How medical translation changed after COVID

How Medical Translation Changed After COVID

Since COVID-19 began spreading globally in 2020, the impact on the medical translation industry has been significant. As the virus spread rapidly around the world, new information and discoveries about the virus and its treatment became a critical resource for healthcare professionals. As a result, the demand for accurate and reliable medical translations increased at the same pace as the need for new knowledge, tools and technologies to cope with the pandemic.

New medical terminology to be translated

One of the biggest challenges faced by medical translators during the pandemic was the rapid change in terminology and the need to constantly update information. As the pandemic progressed, new treatments were discovered, new vaccines were developed, and daily status updates were generated. This meant that translators had to be able to adapt to evolving language and terminology in real time.

The International Association of Translators in Medicine and Allied Sciences (Tremedica), for example, published a medical glossary on COVID-19 to help medical professionals and translators understand and use medical terminology related to the virus. “Coronavirus”, “social distancing”, “PCR”, “quarantine”, “strains” or “herd immunity” are some of the terms that not only took on significance in the medical sector but also became popular throughout society.

In addition, medical professionals and patients around the world suddenly needed more access than ever to accurate and up-to-date information about the disease in their own language. Thus, the need to translate information about the pandemic became vital.

Further research on the pandemic

Another major change that occurred in medical translation during the pandemic was the increasing need for high quality translations of documents related to medical research.

As scientists around the world worked to discover more about the virus, the number of medical studies, reports and articles in scientific journals multiplied in dissimilar but interconnected fields such as virology, epidemiology or pulmonology.

Medical translators played a fundamental role as connections in the translation of these documents so that they could be available in different languages, accessible to a scientific community that strengthened ties for a global collaboration.

Machine translation and new technologies in the medical field

The pandemic also accelerated the adoption of new technologies in the medical field to combat the virus and improve medical care. Directly or indirectly, the field of medical translation was also involved in this aspect.

Telemedicine, with online medical care to patients to decrease the risk of COVID-19 spread, became a common form of healthcare service. Contact-tracking technology began to be used to track the spread of the virus and notify people who may have been exposed to the virus. Artificial intelligence was used to analyze large data sets to predict the spread of the virus, identify patterns of infection, and develop new therapies and treatments.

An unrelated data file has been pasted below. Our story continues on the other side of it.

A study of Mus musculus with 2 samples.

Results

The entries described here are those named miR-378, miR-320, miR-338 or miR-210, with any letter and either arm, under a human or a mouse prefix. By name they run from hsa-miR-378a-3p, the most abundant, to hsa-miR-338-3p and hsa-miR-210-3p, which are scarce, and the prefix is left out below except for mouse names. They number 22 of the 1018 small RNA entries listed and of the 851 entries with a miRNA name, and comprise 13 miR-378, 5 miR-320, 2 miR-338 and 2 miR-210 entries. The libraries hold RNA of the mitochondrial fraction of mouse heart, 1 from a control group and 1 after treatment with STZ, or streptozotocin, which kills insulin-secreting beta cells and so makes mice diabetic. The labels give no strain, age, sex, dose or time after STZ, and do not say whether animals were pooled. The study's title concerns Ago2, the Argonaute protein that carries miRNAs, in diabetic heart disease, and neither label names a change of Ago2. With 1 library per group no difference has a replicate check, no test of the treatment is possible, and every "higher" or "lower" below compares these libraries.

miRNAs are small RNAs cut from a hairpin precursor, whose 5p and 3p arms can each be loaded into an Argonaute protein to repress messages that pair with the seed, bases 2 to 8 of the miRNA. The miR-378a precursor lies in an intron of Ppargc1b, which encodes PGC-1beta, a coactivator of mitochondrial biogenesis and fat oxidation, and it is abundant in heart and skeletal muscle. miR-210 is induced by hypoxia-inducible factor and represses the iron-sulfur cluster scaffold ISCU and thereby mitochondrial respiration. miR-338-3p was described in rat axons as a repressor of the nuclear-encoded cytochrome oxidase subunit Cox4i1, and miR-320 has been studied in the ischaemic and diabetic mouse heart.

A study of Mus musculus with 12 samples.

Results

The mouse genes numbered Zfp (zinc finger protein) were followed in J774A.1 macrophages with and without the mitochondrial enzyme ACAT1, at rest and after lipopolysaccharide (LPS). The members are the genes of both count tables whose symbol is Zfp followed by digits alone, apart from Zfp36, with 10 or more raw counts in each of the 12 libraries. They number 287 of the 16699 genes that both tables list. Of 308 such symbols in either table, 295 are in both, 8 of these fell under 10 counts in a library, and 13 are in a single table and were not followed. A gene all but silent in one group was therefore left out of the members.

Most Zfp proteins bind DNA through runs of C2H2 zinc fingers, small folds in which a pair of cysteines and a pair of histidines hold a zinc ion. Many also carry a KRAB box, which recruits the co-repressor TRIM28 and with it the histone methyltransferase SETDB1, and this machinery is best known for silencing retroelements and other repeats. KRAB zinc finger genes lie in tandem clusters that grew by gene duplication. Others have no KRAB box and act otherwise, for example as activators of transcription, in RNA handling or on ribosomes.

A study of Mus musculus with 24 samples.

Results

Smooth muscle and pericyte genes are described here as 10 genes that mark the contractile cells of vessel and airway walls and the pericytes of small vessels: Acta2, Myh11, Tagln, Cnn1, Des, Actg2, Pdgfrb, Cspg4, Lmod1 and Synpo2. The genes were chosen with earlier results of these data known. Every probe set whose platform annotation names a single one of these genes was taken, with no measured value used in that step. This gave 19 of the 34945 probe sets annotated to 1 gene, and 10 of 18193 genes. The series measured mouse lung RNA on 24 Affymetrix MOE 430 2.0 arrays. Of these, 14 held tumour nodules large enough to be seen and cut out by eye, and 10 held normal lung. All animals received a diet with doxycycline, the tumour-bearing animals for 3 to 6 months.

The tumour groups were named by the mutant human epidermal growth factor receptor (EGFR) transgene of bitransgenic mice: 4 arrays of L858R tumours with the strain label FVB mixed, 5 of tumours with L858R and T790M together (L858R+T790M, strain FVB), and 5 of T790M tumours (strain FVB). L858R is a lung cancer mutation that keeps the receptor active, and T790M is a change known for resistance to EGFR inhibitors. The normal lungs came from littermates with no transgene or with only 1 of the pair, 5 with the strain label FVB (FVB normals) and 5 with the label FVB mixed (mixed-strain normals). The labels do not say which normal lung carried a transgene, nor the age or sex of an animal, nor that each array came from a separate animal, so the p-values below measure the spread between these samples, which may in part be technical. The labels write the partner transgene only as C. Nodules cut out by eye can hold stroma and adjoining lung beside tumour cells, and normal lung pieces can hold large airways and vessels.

These new devices required robots and machine translation tools to ensure greater efficiency and speed in translation and thus better communication and responsiveness to healthcare professionals and patients around the world.

Quality medical translation is needed more than ever before

Despite all these changes, one thing has not changed in the world of medical translation during the pandemic: the need for accuracy and reliability. It is vital that medical translators have a thorough knowledge of medical terminology, grammar and culture to ensure that translations are accurate and understandable to healthcare professionals and patients.

COVID-19 has had a significant impact on the medical translation industry, from the need to constantly update terminology to the increasing demand for translations in different languages. As the pandemic continues, the importance of medical translation will only increase, and medical translators will need to continue to adapt and update their knowledge and skills to ensure they are up to the challenges ahead.

Ultimately, the pandemic has demonstrated the value of medical translation and driven the development of new technologies and tools to improve the efficiency and accuracy of translations. The medical translation industry will continue to evolve as the needs and demands of medical professionals and patients change. But one thing is certain: medical translation will continue to be a key factor in the fight against disease and the promotion of global health.

If you have a query about the translation of your medical reports, research, package inserts or clinical trial results, please consult our services for the medical field.

This article has been written by Gonzalo Olaberría

Before starting as a Digital Content Manager at Cultures Connection, he worked in Argentina as a journalist for national newspapers and magazines, and as a consultant in political and corporate communication.